Children are, by any reasonable adult standard, mentally ill.
I am not a health professional and I avoided psychology courses in college, not wishing to discover that my quirky charm was, in fact, a disease. But even I can recognize obsessive-compulsive disorder when it's articulated as symphonically as it has been in both my children.
Max, 3, is the current nut case. His elephant obsession has been going on a year now, its genesis having sprung from his first viewing of "The Jungle Book." (It had to be Disney, didn't it?)
It's only when you walk through life with the elephant obsessed that you realize what a pervasive presence pachyderms have in our society. Max and I will be strolling down the cereal aisle at our local grocery store, having a lovely, low-key time, when he will spy an elephant occupying a tiny spot on the back of a box. He points and then screams in a voice loud enough to move furniture, "Elephant!!!" After I restart my heart, we saunter over to the box in question and admire the elephantine image, and Max utters his signature line: "How did they know I like elephants?"
On those rare occasions when we don't see elephants, we are elephants. "Put up your trunk, Daddy," he says, and the pachyderm parade is on. The trouble is that, with arms extended in trunk simulation and legs marching ` la Colonel Harthi of "The Jungle Book," we look a lot more like Nazi storm troopers than cuddly, animated jungle dwellers. "We're not Nazis, we're elephants," I explain to horrified mothers on the playground, who manage nervous smiles, then burn rubber in the opposite direction.
In some cases, childhood obsessions simplify parents' lives. For example, when Max and I go to the zoo, the only decision to be made is whether to watch the outside elephants or the inside elephants. I kind of miss the sea lions, but I'll get over it. It also makes gift giving a no-brainer. We've got elephant books, elephant stickers, elephant videos, stuffed elephants, plastic elephant trunks, even elephant garlic. We're hoping to avoid elephantiasis.
Alison, now 6, doesn't really have an obsession of clinical dimensions at present, although the American Girl doll thing does have its moments. But I recall with a shudder her Princess Period. From about age 2 until she turned 4, she wore nothing but dresses. Not once during those 18 months did shorts or pants drape her bug-bite-scarred legs. Her orthodoxy was almost admirable, but mostly a pain in the ass. Still, it's not like she was prissy -- she still ran with the boys, got as dirty as a ditch digger and maintained her take-no-prisoners approach to life. She just did it in party shoes.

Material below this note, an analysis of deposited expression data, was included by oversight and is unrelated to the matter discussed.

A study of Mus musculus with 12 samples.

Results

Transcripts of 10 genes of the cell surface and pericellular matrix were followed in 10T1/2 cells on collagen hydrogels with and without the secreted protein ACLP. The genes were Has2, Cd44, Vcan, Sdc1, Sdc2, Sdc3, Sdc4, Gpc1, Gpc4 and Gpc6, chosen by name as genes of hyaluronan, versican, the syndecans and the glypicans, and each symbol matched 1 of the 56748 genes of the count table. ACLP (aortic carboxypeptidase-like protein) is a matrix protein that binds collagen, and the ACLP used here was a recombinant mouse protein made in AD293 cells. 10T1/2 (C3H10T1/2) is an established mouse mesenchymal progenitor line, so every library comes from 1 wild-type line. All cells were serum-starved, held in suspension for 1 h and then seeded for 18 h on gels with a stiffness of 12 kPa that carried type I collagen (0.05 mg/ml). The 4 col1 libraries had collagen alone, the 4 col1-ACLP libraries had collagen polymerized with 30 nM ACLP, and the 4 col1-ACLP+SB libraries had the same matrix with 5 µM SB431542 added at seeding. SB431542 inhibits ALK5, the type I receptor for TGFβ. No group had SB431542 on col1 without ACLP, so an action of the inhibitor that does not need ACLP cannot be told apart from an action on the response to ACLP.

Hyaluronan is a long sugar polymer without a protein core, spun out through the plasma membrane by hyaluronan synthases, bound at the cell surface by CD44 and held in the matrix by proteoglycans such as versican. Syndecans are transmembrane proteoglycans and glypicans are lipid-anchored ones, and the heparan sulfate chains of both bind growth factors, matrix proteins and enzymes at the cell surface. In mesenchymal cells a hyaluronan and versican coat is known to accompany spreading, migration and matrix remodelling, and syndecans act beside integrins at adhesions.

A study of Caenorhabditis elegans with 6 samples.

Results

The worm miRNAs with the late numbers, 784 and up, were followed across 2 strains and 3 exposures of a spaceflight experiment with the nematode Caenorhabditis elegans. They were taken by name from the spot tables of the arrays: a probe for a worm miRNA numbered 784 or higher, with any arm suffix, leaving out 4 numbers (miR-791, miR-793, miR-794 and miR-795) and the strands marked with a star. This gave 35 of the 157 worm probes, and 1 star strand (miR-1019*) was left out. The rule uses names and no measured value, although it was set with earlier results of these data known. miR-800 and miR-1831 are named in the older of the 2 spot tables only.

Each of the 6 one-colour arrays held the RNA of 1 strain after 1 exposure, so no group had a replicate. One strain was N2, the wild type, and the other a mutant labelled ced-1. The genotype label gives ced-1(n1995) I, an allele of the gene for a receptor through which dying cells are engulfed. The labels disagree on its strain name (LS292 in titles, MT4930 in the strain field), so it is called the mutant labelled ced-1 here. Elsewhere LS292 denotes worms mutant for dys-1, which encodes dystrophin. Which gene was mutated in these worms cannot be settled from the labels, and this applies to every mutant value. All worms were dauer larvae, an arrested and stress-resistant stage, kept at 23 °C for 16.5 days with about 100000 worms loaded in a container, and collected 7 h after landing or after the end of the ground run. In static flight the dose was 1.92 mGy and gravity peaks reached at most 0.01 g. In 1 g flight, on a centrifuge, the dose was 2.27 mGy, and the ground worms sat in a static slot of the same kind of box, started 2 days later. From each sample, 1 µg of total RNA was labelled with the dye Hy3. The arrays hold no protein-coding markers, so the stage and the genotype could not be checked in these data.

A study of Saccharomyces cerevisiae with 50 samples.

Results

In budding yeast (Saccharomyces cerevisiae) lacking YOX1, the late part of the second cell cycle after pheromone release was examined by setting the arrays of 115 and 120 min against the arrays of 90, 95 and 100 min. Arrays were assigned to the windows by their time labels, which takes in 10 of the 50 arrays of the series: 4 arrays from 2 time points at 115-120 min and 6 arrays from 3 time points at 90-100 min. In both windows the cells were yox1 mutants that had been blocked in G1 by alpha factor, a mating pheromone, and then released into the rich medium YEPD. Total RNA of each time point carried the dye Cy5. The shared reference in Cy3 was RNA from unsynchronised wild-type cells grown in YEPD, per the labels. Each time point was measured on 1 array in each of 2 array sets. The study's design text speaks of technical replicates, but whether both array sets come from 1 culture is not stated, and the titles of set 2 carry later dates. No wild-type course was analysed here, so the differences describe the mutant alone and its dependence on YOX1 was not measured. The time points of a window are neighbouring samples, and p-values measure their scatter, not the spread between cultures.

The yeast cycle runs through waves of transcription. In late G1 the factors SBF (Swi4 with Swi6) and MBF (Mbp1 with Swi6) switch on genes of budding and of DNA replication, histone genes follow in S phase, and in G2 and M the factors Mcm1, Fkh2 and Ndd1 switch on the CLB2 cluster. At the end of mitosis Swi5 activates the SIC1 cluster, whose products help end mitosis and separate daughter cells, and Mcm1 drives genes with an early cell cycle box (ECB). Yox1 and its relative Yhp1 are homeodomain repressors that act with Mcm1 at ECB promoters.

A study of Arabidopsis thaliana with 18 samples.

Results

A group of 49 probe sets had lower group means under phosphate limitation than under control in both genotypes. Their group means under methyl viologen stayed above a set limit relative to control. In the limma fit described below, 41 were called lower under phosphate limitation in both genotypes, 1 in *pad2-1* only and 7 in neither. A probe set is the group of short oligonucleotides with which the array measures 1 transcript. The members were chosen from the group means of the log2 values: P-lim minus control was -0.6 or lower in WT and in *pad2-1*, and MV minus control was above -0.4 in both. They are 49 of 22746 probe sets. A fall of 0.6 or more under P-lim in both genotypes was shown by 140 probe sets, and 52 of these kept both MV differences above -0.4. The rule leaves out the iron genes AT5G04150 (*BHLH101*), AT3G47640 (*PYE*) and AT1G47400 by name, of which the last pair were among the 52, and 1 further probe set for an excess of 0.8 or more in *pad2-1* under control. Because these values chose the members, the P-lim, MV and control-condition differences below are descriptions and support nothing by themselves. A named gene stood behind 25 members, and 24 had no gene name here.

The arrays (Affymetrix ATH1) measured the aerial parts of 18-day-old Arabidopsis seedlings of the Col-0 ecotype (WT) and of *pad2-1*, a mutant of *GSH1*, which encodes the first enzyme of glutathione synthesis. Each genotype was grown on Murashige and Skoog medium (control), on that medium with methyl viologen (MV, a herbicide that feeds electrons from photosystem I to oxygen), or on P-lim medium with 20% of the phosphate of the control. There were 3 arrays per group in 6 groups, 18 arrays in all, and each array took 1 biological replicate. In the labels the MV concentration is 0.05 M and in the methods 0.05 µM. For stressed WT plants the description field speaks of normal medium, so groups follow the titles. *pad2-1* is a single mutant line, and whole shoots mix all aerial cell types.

The worst part of the Princess Period was the reading list. "Snow White," "Sleeping Beauty," "Beauty and the Beast," "Cinderella," "Anastasia" -- it was like Gloria Steinem goes to library hell. The messages of these books, with rare exception, were deadly: Be passive, cower, suffer abuse with a smile, and eventually a prince will come along and rescue you, even if you're essentially dead, as was the case with Sleeping Beauty.
These princes are something too. They have the power to hack through 100-year-old forests with a single sword, even return life to the lifeless, but they're stupid enough to fall in love with and marry women they've known for 10 minutes. Fortunately, either the deprogramming we did at the end of each reading worked, or the stuff was so vapid that it never penetrated her psyche. And just when I thought I'd rather eat a poison apple than read one more happily ever after, she cycled out of it.
In relative terms, the Elephant Era and the Princess Period have been mild. We have friends whose son became obsessed with "The Lion King" to the point that he would carry the empty CD case around wherever he went. He even slept with it, and to this day he is convinced that New York consists of a single street -- Broadway.
The "Lion King" guy's older brother has enjoyed a long-standing lust for all things having to do with public transportation. When his father travels for work, all Alex asks him to bring back are maps of rapid transit systems. Once during a play date, Alex's and Alison's obsessions clashed. After a frustrating few minutes of romance-free train play, Alison said, "Is there any love on this train?"
But contrary to the assertion at the beginning of this essay, I have moments when I believe that childhood obsessions are, in fact, valuable coping mechanisms and signs of solid mental health. When it finally dawns upon kids how small they are and how big the world is, they need something consistent and simple to counter the no-corners nature of the new world they inhabit. Parents are reasonably useful in this regard, but we can't compete with stories where the ending is always happy, the trains always go in the same direction and the animals are unfailingly loyal and strong.
I look at it this way: It's good to know what you like in life. Lots of people never get there. And now I even have a goal for Max's jungle giant jones. One of the elephants at our local zoo is pregnant, so if he can hang in there for the 18-month gestation period, he'll get the mother of all baby elephants just a 15-minute drive away. That's the Max equivalent of seeing Ed McMahon walking up the front steps. Fortunately for me, he knows how to share.